This image provided by the U.S. District Court in Maryland shows a photo of firearms and ammunition that was in the motion for detention pending trial in the case against Christopher Paul Hasson. Prosecutors say that Hasson, a Coast Guard lieutenant is a “domestic terrorist” who wrote about biological attacks and had a hit list that included prominent Democrats and media figures.
Photo: AP

A U.S. Coast Guard Lieutenant and self-identified white nationalist is expected to appear before a judge Thursday afternoon on weapons and drugs charges related to a terrorist attack he was plotting. Christopher Paul Hasson, 49, of Silver Spring, Md., is accused of stockpiling weapons and ammunition to attack journalists and politicians. Hasson’s ultimate goal, according to documents seized from his home: to“establish a white homeland.”

“I am dreaming of a way to kill almost every last person on the earth,” Hasson wrote, according to the Washington Post, which cited court records. The government says Hasson appears to have been planning the attack since 2017, with the weapons and drug charges being just the “proverbial tip of the iceberg.”

Among Hasson’s targets were cable news host and former U.S. congressman Joe Scarborough, Rep. Alexandria Ocasio-Cortez (D-N.Y.), and Sen. Richard Blumenthal (D-Conn.), whom Hasson referred to as “Sen blumen jew,” and Sen. Elizabeth Warren (D-M.A.), referred to as “poca Warren,” a nickname Hasson appears to have lifted from Donald Trump. CBS Minnesota reports that Rep. Ilhan Omar (D-M.N.) was also on the list.

Hasson was arrested Friday.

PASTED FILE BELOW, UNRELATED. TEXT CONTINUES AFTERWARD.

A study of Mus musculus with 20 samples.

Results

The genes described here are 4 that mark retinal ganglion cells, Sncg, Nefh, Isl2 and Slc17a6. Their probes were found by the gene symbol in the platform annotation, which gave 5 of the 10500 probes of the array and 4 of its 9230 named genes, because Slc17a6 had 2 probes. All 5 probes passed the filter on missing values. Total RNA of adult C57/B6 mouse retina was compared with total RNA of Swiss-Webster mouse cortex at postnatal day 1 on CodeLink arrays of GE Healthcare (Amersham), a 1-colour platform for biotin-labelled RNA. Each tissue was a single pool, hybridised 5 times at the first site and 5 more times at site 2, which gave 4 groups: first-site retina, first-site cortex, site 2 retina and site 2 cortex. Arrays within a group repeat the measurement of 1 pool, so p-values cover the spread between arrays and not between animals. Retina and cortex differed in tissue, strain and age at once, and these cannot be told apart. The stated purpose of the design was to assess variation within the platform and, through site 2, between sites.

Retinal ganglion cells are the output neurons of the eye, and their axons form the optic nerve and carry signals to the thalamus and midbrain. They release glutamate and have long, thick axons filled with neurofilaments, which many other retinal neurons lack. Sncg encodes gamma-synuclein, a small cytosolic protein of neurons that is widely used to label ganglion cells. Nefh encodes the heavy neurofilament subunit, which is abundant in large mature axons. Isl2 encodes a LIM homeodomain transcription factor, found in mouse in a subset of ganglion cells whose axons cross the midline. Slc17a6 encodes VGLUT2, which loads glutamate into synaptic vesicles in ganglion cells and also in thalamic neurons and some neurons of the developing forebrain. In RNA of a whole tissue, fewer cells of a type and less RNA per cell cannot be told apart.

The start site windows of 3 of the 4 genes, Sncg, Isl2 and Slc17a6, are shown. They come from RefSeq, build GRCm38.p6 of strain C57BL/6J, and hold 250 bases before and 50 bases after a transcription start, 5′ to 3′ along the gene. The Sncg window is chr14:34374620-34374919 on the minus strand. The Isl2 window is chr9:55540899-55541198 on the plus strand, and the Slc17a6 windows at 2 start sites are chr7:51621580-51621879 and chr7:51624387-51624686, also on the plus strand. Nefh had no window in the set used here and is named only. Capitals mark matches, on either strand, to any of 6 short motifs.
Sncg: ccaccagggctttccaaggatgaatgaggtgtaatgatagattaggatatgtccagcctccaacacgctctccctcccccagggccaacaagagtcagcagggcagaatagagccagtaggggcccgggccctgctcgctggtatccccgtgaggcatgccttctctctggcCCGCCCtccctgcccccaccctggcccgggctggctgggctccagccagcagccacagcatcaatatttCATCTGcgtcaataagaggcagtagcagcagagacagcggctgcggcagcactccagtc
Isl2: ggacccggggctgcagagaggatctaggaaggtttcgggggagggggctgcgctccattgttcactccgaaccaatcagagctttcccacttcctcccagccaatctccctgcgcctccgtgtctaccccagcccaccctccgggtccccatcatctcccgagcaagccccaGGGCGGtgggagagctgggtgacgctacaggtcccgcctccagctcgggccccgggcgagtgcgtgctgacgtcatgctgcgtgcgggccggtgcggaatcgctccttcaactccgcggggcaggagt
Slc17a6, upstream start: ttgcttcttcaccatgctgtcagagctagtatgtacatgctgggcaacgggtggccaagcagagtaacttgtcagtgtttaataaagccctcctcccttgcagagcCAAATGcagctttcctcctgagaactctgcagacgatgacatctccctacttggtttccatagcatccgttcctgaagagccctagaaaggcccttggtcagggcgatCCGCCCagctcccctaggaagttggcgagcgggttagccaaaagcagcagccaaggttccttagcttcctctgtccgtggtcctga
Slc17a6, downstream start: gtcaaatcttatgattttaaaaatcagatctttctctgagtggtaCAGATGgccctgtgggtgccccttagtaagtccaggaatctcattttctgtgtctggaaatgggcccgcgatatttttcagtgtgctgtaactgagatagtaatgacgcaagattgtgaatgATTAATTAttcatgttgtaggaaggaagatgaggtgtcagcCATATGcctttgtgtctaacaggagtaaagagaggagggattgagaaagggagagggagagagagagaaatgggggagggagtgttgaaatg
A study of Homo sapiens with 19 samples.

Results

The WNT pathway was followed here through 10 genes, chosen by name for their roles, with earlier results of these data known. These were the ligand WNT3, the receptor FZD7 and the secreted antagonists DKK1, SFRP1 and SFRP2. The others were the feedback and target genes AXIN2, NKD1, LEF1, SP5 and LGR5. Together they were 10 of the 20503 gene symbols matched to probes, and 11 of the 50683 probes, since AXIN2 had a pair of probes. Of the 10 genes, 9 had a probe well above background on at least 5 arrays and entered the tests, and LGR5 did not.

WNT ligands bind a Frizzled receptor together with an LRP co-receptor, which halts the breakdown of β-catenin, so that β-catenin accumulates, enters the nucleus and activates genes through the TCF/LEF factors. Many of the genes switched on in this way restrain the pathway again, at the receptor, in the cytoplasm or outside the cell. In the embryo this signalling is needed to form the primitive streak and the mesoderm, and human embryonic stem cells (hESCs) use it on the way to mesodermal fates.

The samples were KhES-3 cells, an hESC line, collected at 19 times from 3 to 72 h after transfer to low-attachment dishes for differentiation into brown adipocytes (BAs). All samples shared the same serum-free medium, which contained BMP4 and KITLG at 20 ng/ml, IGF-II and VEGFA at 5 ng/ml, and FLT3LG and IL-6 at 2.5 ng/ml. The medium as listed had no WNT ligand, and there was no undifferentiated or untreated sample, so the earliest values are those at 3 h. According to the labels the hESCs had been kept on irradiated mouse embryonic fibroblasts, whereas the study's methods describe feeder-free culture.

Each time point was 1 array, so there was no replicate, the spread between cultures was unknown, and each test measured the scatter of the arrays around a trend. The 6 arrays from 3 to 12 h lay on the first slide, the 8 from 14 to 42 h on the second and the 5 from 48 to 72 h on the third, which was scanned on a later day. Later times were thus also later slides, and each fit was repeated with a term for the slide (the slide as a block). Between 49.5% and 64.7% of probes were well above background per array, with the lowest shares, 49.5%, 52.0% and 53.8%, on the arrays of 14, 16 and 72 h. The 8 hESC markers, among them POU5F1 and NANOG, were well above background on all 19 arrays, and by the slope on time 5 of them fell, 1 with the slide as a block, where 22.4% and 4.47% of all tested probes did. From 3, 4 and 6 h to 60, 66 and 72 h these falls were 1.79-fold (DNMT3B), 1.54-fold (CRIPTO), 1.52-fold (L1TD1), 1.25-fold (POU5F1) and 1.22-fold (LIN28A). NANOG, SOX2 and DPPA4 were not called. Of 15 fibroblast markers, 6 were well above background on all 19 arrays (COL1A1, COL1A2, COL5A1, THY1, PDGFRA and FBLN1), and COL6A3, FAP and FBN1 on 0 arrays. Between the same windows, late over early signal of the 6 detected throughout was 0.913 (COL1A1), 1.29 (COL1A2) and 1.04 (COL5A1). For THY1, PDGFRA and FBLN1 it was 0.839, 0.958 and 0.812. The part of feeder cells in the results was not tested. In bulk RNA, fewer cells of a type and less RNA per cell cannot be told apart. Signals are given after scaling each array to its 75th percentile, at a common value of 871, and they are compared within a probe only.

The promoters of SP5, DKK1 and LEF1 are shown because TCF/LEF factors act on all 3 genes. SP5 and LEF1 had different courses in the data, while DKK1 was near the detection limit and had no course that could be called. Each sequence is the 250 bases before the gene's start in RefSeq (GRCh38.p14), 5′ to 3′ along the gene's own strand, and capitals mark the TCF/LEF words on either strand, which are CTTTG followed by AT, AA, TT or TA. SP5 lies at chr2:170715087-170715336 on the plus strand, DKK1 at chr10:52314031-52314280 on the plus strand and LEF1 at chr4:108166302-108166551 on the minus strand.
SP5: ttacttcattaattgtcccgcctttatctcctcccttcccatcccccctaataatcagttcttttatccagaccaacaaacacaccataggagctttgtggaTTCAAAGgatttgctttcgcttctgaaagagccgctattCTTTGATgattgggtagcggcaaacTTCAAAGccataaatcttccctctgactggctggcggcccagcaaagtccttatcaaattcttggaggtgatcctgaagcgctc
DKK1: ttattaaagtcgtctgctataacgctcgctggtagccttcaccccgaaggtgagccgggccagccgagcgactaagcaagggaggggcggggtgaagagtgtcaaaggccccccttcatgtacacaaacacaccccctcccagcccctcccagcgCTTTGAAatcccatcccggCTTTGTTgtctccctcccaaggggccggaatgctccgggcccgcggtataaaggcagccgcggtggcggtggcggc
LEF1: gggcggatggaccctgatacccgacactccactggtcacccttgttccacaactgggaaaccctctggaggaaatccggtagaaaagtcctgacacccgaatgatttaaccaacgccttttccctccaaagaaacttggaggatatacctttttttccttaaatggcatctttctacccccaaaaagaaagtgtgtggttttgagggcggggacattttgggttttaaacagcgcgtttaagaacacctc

Also found in Hasson’s apartment was “ a locked container loaded with more than 30 vials of what appeared to be human growth hormone,” as well as opioid pills, writes the Post. That particular detail is drawn from a Norwegian white supremacist and mass murderer, Anders Behring Breivik, who killed 77 people in 2011 during a planned rampage in Norway. According to a separate article from the Post, Breivik—who used explosives and firearms in his brutal attack, prepared a 1,500 page manifesto called the “2083: A European Declaration of Independence,” which served to give instructions on how to carry out genocide based on white nationalist ideals. Among Breivik’s thoughts on planning targeted attacks: consuming steroids so he could be a “superhuman one-man-army for 2 hours.”


The mass shooting was said to be unique in its day for converting hateful right-wing ideology into a civilizational crusade. Breivik wanted to cleanse the West of Muslims, but he also said he was inspired by al-Qaeda, calling the Islamic terror network, which also promoted a hypermasculine vision of adventure and self-sacrifice, “the most successful militant group in the world.”



“During unrest target both sides to increase tension,” Hasson wrote in an email. “In other words provoke gov/police to over react which should help to escalate violence. BLM protests or other left crap would be ideal to incite to violence.”